This month, our nation is celebrating the 15th anniversary of the Americans with Disabilities Act—the landmark civil rights law securing the rights of people with disabilities. As chief author of the law, I remember the day it was signed into law—June 26, 1990—as one of the proudest in my entire legislative career.
Today, the impacts of ADA are all around us. Drive-through restaurants have visual displays allowing the deaf and hard of hearing to place their orders outside. Banks have talking ATMs, now, to assist those with visual impairments. Cities have installed curb cuts and ramps to allow wheelchair users easier access. And on and on.
Just as important, because of the ADA, we have seen an enormous change in attitudes. It used to be socially acceptable to treat people with disabilities as second-class citizens, to exclude and marginalize them. I remember my brother Frank, who had a profound hearing disability, being sent off to a “school for the deaf and dumb,” and later being offered just three job possibilities: baker, printer’s assistant, or cobbler.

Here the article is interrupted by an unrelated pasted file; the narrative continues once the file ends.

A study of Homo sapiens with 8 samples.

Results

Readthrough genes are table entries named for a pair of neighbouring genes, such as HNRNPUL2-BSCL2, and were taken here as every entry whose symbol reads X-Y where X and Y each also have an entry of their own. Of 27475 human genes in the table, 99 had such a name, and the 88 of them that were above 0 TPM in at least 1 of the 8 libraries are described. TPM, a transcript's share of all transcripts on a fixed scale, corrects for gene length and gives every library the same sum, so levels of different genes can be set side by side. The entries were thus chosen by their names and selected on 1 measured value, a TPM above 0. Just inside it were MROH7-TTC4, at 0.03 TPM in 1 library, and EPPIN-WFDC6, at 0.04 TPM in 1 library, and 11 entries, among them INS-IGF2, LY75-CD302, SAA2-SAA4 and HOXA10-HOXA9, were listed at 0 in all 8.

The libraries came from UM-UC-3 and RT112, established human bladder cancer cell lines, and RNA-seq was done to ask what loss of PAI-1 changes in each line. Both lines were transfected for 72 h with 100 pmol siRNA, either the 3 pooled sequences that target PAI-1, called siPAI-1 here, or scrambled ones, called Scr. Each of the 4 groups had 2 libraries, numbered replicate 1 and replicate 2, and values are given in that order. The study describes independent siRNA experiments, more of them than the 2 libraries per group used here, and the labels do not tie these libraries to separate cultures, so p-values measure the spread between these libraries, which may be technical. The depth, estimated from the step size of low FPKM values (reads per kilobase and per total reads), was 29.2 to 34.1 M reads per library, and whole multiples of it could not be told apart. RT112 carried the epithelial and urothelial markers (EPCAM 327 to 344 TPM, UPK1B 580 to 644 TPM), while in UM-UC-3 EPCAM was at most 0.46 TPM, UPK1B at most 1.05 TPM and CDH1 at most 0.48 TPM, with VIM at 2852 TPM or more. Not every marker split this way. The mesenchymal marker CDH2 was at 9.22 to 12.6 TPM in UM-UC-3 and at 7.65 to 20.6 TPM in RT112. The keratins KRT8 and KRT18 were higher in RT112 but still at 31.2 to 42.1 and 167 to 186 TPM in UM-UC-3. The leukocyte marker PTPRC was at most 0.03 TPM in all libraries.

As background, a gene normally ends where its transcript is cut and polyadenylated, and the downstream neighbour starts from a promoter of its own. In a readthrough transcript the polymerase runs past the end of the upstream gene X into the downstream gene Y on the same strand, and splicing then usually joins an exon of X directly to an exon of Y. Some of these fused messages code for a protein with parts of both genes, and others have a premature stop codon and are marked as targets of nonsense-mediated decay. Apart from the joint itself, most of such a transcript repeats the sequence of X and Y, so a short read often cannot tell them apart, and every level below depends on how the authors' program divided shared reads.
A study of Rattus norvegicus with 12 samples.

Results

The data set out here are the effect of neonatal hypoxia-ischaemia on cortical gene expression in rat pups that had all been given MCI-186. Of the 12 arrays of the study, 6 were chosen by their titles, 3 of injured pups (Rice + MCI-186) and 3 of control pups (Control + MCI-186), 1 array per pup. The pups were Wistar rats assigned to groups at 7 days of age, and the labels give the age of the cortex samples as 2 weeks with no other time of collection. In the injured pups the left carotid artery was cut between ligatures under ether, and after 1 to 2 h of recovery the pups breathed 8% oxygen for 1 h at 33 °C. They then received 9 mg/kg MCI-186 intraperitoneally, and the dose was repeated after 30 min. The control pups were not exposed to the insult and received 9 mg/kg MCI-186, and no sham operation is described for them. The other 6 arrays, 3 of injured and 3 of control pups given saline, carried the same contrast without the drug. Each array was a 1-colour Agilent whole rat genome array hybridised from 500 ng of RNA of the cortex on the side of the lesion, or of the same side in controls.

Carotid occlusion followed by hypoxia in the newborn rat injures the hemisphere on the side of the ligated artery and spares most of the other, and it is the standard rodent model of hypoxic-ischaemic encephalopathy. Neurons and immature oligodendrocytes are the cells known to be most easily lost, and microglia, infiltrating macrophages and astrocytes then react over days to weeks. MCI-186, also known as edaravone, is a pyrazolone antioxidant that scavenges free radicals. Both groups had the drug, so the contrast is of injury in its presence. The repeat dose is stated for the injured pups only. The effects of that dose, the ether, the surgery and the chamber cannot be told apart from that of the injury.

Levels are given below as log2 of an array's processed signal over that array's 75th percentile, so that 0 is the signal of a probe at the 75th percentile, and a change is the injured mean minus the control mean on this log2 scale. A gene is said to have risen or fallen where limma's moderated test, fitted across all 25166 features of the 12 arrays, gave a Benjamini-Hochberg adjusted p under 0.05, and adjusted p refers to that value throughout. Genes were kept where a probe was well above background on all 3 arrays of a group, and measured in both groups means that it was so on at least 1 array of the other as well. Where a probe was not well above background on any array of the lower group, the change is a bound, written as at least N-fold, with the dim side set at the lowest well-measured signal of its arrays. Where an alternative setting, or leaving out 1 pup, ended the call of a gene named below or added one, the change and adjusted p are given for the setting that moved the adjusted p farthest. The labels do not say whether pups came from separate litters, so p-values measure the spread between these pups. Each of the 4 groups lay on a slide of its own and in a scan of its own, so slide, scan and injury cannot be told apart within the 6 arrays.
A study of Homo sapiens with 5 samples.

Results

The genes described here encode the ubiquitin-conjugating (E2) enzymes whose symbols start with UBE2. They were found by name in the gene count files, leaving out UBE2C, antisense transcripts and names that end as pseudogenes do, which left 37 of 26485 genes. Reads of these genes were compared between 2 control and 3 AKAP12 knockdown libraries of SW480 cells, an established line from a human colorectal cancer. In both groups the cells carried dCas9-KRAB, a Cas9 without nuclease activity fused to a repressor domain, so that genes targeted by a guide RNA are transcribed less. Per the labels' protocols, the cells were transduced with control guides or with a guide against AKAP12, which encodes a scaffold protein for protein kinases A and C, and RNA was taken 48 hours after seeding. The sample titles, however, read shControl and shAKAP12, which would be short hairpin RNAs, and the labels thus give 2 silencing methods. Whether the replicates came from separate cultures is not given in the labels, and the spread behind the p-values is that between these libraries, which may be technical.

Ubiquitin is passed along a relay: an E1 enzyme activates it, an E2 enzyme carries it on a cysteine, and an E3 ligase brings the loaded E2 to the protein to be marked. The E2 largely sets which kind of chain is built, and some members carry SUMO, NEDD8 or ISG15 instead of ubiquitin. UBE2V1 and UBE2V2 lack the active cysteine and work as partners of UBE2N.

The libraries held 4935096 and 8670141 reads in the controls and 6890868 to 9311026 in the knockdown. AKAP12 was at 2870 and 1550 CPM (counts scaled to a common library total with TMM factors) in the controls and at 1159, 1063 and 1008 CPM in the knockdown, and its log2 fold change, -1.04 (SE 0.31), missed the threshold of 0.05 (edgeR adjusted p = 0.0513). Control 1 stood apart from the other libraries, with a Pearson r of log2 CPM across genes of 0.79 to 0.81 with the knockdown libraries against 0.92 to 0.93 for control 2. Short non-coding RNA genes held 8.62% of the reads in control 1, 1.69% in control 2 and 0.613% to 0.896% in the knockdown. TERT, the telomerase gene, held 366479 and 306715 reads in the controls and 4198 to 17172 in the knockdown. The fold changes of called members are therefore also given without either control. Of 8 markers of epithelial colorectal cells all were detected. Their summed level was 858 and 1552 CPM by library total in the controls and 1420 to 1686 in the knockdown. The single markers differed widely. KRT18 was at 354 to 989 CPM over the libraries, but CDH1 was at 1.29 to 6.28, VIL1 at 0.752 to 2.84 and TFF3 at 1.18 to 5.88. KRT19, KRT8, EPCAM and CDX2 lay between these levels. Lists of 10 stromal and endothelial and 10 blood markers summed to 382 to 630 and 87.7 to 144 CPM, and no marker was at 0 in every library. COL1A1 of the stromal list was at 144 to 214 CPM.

Today, by contrast, the expectation is that we will do what it takes to give people with disabilities not just physical access, but an equal opportunity in our schools, in our workplaces, in all areas of our economy and society.
Just as important, ADA has changed attitudes. We have overcome the false dichotomy between “disabled” and “able.” We recognize that people with disabilities – like all people – have unique abilities, talents, and aptitudes. And that America is better, fairer, and richer when we make full use of those gifts.
To observe this 15th anniversary, I invite Americans with disabilities and their loved ones to share their stories. Tell me how ADA has made a difference in your life. Just go to my Senate home page at www.harkin.senate.gov/. Scroll down to the lower right hand corner. Then, under the item labeled “ADA,” click on “Share Your Story,” and tell me about your experience.
The Americans with Disabilities Act has made a huge difference in our society. It has opened doors, created opportunity, and transformed lives. If you are one of those who have benefitted from this law, I’d love to hear from you.